Female Information Security Leaders Honored

Corporate leaders, governor of Michigan honored with third annual Women of Influence Award.

At the Executive Women’s Forum in Scottsdale, Ariz., in September, two corporate security leaders, an engineer for a hardware vendor and the governor of the state of Michigan were honored for their work in driving the security agenda. (The awards are cosponsored by CSO Magazine and Alta Associates, the recruiting firm that runs the conference.) More about the winners:

Susan J. GueliVP of Information Risk ManagementNationwide InsuranceColumbus, Ohio

Since taking on her current role about five years ago, Gueli has developed a comprehensive information risk management program at Nationwide, with a special emphasis on effective reporting and metrics.

Attitude: Information risk management is a business issue, not a technology issue.

Why she was nominated: A consultant who has worked with Gueli for five years praised her ability to influence positive change at Nationwide. She wrote: "We need strong and talented corporate leaders that are able to drive change, not just talk about it. She has embedded information risk management into the culture and values of the organization at Nationwide, and has been able to show positive return and value for the investment in this program."

Women of Influence
Susan Gueli

Suzanne HallInformation Security Officer and Director of IT OperationsAARPWashington, D.C.

A CPA and IT consultant by training, Hall was recruited out of internal audit into IT and then launched the creation of the association’s first-ever information security program in 1999.

Attitude: Security’s philosophy should be one of business enablement, not hindrance.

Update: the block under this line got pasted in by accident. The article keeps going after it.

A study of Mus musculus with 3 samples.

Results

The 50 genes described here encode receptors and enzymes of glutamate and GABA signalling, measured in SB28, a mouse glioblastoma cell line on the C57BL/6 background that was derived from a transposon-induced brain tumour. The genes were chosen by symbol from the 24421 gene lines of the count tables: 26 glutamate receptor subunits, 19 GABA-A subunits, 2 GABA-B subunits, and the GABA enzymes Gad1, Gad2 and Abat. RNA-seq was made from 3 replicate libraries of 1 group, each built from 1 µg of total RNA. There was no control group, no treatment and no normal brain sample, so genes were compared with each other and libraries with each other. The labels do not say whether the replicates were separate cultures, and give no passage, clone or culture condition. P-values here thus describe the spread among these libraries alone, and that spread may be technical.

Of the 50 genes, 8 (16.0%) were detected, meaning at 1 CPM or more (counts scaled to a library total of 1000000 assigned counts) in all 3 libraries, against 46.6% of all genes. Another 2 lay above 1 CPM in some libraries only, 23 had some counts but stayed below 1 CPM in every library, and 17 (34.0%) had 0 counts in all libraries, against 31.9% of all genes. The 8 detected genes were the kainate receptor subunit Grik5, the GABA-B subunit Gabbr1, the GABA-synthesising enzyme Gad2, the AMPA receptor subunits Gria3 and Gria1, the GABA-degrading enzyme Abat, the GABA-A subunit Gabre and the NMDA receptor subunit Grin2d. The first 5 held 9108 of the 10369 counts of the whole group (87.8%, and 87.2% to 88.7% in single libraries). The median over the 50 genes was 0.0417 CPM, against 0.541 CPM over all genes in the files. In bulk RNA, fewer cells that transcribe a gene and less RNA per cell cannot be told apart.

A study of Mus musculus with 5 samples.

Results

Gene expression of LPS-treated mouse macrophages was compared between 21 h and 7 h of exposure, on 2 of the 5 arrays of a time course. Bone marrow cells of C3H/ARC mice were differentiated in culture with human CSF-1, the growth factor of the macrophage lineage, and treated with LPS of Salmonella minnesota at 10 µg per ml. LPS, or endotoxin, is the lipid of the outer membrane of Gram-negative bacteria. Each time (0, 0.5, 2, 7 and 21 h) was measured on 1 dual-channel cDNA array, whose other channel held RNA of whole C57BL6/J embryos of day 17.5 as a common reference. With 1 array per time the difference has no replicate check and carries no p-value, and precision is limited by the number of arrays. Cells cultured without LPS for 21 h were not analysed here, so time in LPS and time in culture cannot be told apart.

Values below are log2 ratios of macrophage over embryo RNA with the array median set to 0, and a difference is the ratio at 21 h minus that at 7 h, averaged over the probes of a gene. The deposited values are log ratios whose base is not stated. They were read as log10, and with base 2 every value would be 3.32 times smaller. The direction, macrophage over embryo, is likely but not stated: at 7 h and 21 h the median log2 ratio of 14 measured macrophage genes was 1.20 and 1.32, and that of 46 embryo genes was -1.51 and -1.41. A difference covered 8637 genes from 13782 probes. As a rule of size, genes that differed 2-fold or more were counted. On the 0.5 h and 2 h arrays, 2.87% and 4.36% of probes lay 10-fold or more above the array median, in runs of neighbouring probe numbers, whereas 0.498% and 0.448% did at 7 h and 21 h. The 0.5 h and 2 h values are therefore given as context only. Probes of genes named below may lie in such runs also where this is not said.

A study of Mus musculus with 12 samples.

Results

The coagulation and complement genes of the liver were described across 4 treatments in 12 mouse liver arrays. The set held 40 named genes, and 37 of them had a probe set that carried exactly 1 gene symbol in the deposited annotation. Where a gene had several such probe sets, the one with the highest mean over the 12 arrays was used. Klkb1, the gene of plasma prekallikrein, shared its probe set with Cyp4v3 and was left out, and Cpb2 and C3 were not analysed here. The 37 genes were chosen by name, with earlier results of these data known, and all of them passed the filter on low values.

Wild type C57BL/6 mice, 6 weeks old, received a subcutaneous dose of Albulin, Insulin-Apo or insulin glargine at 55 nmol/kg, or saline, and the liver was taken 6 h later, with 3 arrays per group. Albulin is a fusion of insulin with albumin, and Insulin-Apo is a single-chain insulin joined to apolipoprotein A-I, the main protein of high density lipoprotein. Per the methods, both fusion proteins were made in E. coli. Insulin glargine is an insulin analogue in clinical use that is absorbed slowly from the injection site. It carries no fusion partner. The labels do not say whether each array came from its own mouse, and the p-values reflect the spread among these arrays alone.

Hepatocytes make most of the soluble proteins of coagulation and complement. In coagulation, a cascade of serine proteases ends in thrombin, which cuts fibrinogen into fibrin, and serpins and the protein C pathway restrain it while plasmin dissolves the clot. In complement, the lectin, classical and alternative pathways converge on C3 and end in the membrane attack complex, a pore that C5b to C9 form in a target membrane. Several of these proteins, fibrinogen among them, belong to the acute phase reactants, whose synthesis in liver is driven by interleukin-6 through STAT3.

Why she was nominated: A vendor noted that Hall has influence in every direction: upward to the board of directors; downward to protegees, whom she often brings to meetings; and externally through a Third Party Security program, which requires vendors to follow industry best-practices in their work at AARP. The program has been cited as a model by other security executives.

Women of Influence
Suzanne Hall

Radia Perlman Distinguished EngineerSun MicrosystemsMenlo Park, Calif.

A prolific inventor, Perlman holds 80 patents and has another 15 pending, many of which contribute to the field of network security.

Attitude: Perlman is not a "female engineer"; she’s an engineer.

Why she was nominated: One of the hard things about influencing is being able to explain things that are technically complex, and this is a skill that Perlman has in spades. A colleague wrote that "her communication skills are lauded by everyone who works with her. She asks difficult, probing questions; explains complex material to people of all technical levels; and leads intellectually stimulating brainstorms."

Women of Influence
Radia Perlman

Jennifer M. GranholmGovernorState of Michigan

Since taking office in 2003 as Michigan’s first woman chief executive, Gov. Granholm has encouraged regular cabinet briefings on IT security, instituted cybersecurity training for all state employees and supported the creation of an Office of Enterprise Security. While serving as attorney general in 1999, she was a leader in establishing Michigan’s first High Tech Crime Unit and worked with other states to establish similar offices.

Attitude: Raise the knowledge base about security within government, while educating citizens about how to protect themselves.

Why she was nominated: A director of the Michigan Department of IT wrote: "Governor Granholm ‘gets it’ when all things related to information technology are discussed. She consistently encourages innovation and ‘out-of-the-box’ thinking in all areas of government."

Women of Influence
Governor Jennifer Granholm

Copyright © 2006 IDG Communications, Inc.